Dialysis, transplants and wimpy bones

1-long-bones-femurWhen I was young, I used to joke about falling down.  You know the usual refrain: “Oops, fall down go boom!”  Now, after 15 years on the BigD, and two transplants, things have changed a little. These days it’s: “Oops, fall down go snap.”

How has this come about for a strapping individual like me?  Throughout our lives our bones are constantly being reabsorbed by the body and being rebuilt using two critical building blocks: calcium and vitamin D.  Until we are about 30, the process is positive or in equilibrium.  After that, our bones start to be reabsorbed faster that they are rebuilt.  At about 50 it is common to have a lower than average bone density (but still be healthy).

However, dialysis and especially transplants hasten the thinning process.  With transplants, our old friends prednisolone and cyclosporine-based anti-rejection drugs have a big effect, limiting the bone rebuilding process.  While there are no symptoms to bone density loss – though falls that result in a broken wrist (like mine!) or hip are considered good indicators – there is a test, called a bone mineral density (BMD) test, which uses low-energy x-rays.

In fact, transplant recipients losing bone density is so common that it is now a standard part of the transplant regime to visit to an Endocrinology clinic for a BMD test at least annually.

There are degrees of wimpiness in bones.

  • If your bones are just beginning to get thinner than normal, losing their density and strength, it’s called Osteopenia.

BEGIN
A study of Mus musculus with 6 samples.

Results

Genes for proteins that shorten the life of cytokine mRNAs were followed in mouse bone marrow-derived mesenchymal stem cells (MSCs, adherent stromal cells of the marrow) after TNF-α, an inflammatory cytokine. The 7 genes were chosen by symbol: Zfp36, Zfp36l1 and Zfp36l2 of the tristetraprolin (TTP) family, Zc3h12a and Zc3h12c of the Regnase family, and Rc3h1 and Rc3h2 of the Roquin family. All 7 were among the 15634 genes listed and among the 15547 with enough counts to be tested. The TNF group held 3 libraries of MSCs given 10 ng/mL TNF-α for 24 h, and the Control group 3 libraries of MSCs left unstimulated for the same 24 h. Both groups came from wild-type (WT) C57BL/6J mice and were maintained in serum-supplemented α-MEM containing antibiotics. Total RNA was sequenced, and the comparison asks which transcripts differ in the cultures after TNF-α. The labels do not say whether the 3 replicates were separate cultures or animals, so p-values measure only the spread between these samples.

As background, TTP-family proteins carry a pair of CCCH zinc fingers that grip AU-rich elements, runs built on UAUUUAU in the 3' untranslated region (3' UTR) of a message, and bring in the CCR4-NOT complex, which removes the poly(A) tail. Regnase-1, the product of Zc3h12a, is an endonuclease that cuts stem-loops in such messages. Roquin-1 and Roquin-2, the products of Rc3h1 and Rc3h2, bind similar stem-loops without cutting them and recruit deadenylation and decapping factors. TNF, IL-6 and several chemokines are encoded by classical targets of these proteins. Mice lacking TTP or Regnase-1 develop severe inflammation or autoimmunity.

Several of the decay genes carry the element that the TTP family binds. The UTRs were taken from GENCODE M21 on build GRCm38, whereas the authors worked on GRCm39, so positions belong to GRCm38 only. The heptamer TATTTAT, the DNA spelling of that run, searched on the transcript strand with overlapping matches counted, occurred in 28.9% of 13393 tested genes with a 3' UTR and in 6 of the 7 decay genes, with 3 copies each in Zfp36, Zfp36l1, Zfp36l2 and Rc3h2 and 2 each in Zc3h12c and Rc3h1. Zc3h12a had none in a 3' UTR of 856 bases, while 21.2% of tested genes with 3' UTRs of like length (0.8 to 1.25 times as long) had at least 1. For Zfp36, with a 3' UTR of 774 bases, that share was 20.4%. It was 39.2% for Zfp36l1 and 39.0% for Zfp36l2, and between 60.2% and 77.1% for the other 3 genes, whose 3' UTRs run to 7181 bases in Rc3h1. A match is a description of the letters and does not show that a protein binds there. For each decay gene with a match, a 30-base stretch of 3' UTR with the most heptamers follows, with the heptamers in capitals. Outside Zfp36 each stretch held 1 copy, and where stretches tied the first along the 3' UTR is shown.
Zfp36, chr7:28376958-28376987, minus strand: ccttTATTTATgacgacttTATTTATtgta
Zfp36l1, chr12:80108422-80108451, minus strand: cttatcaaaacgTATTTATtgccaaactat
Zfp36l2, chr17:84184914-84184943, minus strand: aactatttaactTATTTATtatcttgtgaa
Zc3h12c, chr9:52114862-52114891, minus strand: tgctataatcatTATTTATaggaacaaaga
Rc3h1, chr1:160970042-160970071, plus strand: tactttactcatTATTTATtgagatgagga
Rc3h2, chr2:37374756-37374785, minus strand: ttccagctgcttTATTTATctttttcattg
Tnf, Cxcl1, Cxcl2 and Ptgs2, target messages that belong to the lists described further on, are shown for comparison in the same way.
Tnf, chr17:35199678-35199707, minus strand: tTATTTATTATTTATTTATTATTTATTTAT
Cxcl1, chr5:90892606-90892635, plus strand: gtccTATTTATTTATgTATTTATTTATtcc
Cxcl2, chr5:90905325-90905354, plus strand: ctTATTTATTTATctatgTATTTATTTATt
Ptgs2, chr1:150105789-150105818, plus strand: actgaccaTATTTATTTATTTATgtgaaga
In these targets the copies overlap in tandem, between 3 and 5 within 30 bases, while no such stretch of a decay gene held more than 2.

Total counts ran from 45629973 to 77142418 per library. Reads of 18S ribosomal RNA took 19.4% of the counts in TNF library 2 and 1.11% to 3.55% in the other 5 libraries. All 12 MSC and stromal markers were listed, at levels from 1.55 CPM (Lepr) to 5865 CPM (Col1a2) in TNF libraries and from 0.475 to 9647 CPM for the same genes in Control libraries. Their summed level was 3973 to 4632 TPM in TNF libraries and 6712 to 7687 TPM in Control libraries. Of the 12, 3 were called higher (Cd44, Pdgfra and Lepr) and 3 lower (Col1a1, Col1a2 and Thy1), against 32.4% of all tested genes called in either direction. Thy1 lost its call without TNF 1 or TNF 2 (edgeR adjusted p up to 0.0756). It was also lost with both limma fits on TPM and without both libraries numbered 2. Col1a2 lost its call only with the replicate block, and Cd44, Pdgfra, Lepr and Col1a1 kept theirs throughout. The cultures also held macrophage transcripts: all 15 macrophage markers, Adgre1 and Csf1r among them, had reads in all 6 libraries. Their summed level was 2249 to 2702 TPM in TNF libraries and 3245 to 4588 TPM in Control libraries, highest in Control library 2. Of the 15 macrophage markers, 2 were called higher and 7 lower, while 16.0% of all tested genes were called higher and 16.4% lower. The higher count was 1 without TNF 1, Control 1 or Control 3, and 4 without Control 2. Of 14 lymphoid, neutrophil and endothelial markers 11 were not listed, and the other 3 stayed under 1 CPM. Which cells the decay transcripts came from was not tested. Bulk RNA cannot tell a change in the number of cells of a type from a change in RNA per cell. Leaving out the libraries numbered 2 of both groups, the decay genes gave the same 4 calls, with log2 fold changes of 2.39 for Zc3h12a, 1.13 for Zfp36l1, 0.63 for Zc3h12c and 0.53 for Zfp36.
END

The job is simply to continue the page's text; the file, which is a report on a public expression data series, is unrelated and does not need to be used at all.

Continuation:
• If you do nothing, it usually advances to become Osteoporosis.  Osteoporosis is where your bones are thin and fragile because you have lost bone mass caused by a deficiency in calcium, vitamin D, magnesium and other vitamins and minerals.  If it progresses, osteoporosis can lead to loss of height, stooped posture, humpback, and severe pain.  My mother certainly had it in the last few years of her life.

I had a BMD test a while ago, and at the last Endo clinic visit, I was told I had osteopenia.  The treatment is simple enough.  I take a calcium supplement, combined with vitamin D, every day.   Also, I must take regular exercise that involves weight bearing, like weight lifting, low-impact aerobics, jogging, and walking.  Luckily this is just what I do at the gym and when I go running around the block.  (While improved bone strength is a good motivator, I still find it hard to get out of bed early.)

I suspect that I’m in good company.  All around the world my fellow BigD and transplant osteopenias are dropping calcium and vitamin D and taking the occasional exercise to fight off the other Osteo.  Looking around the web, I found some great exercises at the Mayo Clinic for preventing osteoporosis.  We are not alone.